Wednesday, May 8, 2013
A statement is not hearsay if...[t]he statement is offered against a party and is...a statement by a coconspirator of a party during the course and in furtherance of the conspiracy.
As the language of this Rule and the recent opinion of the Supreme Court of New Hampshire in State v. Rodriguez, 2013 WL 1800059 (N.H. 2013), make clear, Rule 801(d)(2)(E) does not apply to post-arrest statements.
In Rodriguez, Hector Rodriguez was convicted of burglary, conspiracy to commit burglary, first degree assault, accomplice to first degree assault, and conspiracy to commit first degree assault. After he was convicted, Rodriguez appealed, claiming that the trial court erred in deeming several post-arrest statements by alleged co-conspirators admissible under New Hampshire Rule of Evidence 801(d)(2)(E).
The Supreme Court of New Hampshire agreed with him, finding that many of these statements were post-arrest statements and that
post-arrest statements of co-conspirators are not admissible under this rule.[FN1]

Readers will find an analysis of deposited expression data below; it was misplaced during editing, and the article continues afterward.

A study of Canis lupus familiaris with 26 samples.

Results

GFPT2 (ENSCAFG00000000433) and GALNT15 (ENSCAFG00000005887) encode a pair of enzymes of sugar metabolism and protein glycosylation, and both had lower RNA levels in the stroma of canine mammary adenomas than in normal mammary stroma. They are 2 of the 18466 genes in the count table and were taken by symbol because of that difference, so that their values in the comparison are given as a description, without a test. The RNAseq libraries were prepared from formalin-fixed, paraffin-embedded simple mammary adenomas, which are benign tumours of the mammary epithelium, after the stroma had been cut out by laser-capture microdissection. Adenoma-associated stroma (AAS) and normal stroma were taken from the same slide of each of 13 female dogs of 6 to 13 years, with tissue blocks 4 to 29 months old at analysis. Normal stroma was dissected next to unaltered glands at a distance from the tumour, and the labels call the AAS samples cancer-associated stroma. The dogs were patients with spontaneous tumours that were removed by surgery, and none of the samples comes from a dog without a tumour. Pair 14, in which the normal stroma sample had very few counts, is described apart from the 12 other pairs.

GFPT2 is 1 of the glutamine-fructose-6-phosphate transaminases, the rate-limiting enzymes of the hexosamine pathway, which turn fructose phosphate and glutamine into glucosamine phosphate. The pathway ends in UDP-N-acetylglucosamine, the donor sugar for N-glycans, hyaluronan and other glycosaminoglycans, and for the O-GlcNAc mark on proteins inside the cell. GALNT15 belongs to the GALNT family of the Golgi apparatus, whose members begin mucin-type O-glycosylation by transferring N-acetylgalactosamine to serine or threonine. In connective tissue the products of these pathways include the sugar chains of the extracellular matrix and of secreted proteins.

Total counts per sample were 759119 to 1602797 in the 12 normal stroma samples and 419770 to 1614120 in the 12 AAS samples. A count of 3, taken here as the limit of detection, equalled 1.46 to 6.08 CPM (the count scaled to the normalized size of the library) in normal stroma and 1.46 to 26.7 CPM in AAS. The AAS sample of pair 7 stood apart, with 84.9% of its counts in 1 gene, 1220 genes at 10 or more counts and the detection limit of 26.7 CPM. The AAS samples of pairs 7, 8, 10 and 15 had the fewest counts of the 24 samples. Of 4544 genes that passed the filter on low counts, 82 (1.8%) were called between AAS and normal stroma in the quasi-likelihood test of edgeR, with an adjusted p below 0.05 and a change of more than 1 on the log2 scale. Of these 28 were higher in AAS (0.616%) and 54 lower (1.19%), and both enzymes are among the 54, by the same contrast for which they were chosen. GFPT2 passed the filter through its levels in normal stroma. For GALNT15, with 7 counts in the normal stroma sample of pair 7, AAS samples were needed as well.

FN1. See 29A Am.Jur.2d Evidence § 858, at 149–50 (2008) ("[W]here coconspirators were in custody when they made their confessions, the objects of the conspiracy were complete, and the coconspirators were not attempting to conceal the crime or their cohorts, the statements were not made in furtherance of the conspiracy."); United States v. Meises, 645 F.3d 5, 18, n. 21 (1st Cir.2011) ("There is no question that the hearsay exception for co-conspirator statements made during the course and in furtherance of the conspiracy, does not apply to...post-arrest statements." (quotation and citation omitted)).
This, of course, makes sense. Post-arrest statements are not made during the course of a conspiracy. They are made after the conspiracy is over, after the jig is up. Moreover, such statements are not in furtherance of the conspiracy. They are giving up the conspiracy.